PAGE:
Cristina Page

Today we will hear from Tiger Woods, the latest powerful public personality to be felled by a sex scandal. But what deserves to be the most controversial part of it is that the sex was unprotected.

Today we will hear from Tiger Woods, the latest powerful
public personality to be felled by a sex scandal. He will read a
statement outlining his future plans and no doubt will explain how
words fail to describe his disappointment in himself by letting down
his family and fans. And with that he will join Eliot Spitzer and John
Edwards in the flagellation-by-press-conference routine that has
become a tradition in American life.

Each has paid a high price for his
sexual misdeeds in power, prestige, wealth, and respect, not to mention
the devastation it has caused to wives and children. Clearly, engaging
in an extramarital affair, in some cases, several, is insanely risky.
Each had to know the self-destruction that would occur if their truths
were revealed.

But in the realm of recklessness let’s consider one other aspect: they were all having unprotected sex.

One of Tiger Woods’ alleged mistresses now claims she was
impregnated by him twice; one resulting in miscarriage and the other
abortion, and that during the three years they were involved the sex
“was never protected.” News outlets reported that Spitzer’s didn’t
want to use protection with his prostitutes. And then there’s Rielle Hunter carrying around baby John Edwards.

Roe is gone. The chaos is just beginning.

a condom? That thin layer of latex may have been, as far as John
Edwards knew at the time, protecting his presidential chances too.
Theoretically, John, Eliot and Tiger would have enjoyed their secret
lives forever. So then, why risk lasting evidence, like in the form of
a baby? Not to mention the probability of disease. Sure, if you’re
going to risk it all why not go for it, right? Was it that adolescent
reasoning that, by not using a condom, the sex wasn’t so much a
premeditated act but one of irrepressible lust and therefore not quite
their responsibility? In Spitzer’s case, the laborious financial
machinations that preceeded his liaison suggest otherwise, but still
for someone so meticulous in his planning what about disease
prevention? (Is this the conversation he anticipated: Honey, the herpes
is from a toilet seat, really.) Or imagine the conversation that would
follow a worse disease. According to a June 2007 study published in the American Journal of Public Health, as a result of male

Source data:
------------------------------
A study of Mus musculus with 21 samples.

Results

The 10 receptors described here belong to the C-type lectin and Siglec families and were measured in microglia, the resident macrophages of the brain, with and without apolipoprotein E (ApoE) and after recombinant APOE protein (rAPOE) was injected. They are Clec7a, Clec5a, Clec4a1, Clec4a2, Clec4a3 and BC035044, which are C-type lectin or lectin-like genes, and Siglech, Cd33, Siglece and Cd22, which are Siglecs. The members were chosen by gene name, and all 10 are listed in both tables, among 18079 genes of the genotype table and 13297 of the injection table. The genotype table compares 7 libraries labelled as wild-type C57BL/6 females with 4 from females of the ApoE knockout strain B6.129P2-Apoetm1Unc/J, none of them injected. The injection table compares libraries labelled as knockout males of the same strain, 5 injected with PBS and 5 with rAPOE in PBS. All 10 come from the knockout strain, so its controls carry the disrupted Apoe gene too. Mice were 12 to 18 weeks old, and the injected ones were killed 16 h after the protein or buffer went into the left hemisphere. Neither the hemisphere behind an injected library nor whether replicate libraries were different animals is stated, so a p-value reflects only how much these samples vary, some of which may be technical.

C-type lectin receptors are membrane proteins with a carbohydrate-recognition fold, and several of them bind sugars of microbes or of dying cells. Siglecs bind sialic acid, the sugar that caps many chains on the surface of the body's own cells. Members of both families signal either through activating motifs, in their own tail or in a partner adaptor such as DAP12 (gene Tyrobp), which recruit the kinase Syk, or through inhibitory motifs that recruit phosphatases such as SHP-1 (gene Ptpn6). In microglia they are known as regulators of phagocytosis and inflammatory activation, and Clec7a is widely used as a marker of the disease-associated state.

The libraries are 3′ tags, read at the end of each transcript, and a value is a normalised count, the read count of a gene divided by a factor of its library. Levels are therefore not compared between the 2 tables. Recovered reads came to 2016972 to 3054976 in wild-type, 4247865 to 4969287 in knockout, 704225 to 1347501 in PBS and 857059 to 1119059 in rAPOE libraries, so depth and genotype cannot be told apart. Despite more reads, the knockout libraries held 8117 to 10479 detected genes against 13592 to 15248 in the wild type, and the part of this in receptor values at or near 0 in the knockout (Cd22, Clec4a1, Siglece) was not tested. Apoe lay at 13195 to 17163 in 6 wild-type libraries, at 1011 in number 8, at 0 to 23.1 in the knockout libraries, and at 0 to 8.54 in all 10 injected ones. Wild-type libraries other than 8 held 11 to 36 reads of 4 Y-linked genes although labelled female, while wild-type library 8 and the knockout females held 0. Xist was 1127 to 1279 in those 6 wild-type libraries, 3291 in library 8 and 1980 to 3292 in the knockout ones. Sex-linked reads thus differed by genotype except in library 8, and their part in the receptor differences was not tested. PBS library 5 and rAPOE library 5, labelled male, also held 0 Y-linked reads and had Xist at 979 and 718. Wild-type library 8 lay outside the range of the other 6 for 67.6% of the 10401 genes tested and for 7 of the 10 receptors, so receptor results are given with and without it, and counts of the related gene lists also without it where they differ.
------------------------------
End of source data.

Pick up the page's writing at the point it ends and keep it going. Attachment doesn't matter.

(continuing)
infidelity, marital sex represents their single greatest risk for HIV
infection for wives.

And these are politicians who supported sex education,
the careful explanation not only of anatomy and reproductive biology
but of how to get the job done safely. What about being a role model?
The day Spitzer resigned he was scheduled to speak at a contraception
conference. In the 2007 YouTube/CNN Presidential Debate, Edwards spoke at
about how he has lectured his children about the need to protect themselves.

When one of Bill Clinton’s personal scandals collided with his
political life in the person of girlfriend Gennifer Flowers, Howard
Stern sent his ace reporter to the Flowers press conference. It was the
seemingly inept Stuttering John, who stuttered his way through perhaps
the most probing and overlooked question: “Did Governor Clinton wear a
condom?” It wasn’t taken seriously, the other reporters
seemed to be annoyed by the line of questioning, but really isn’t it
one of the most important questions to ask at a press conference
announcing a sex scandal?

Tiger’s poor choices won’t alter the future of the
republic, for sure. But there’ve been few more powerful role models. No
doubt Tiger’s immense athletic talent was solely responsible for his
contracts with Nike and Accenture, but his squeaky clean, happily
married, doting-father-of-two-very-young-children image was part of his allure too.

For athletes and for politicians cheating is as common as teenage
sex, and that’s the point. Sleep around if you want. That’s between you
and your family. But when you involve our families –by being a role
model to or lecturing our kids about safe sex–we want protection.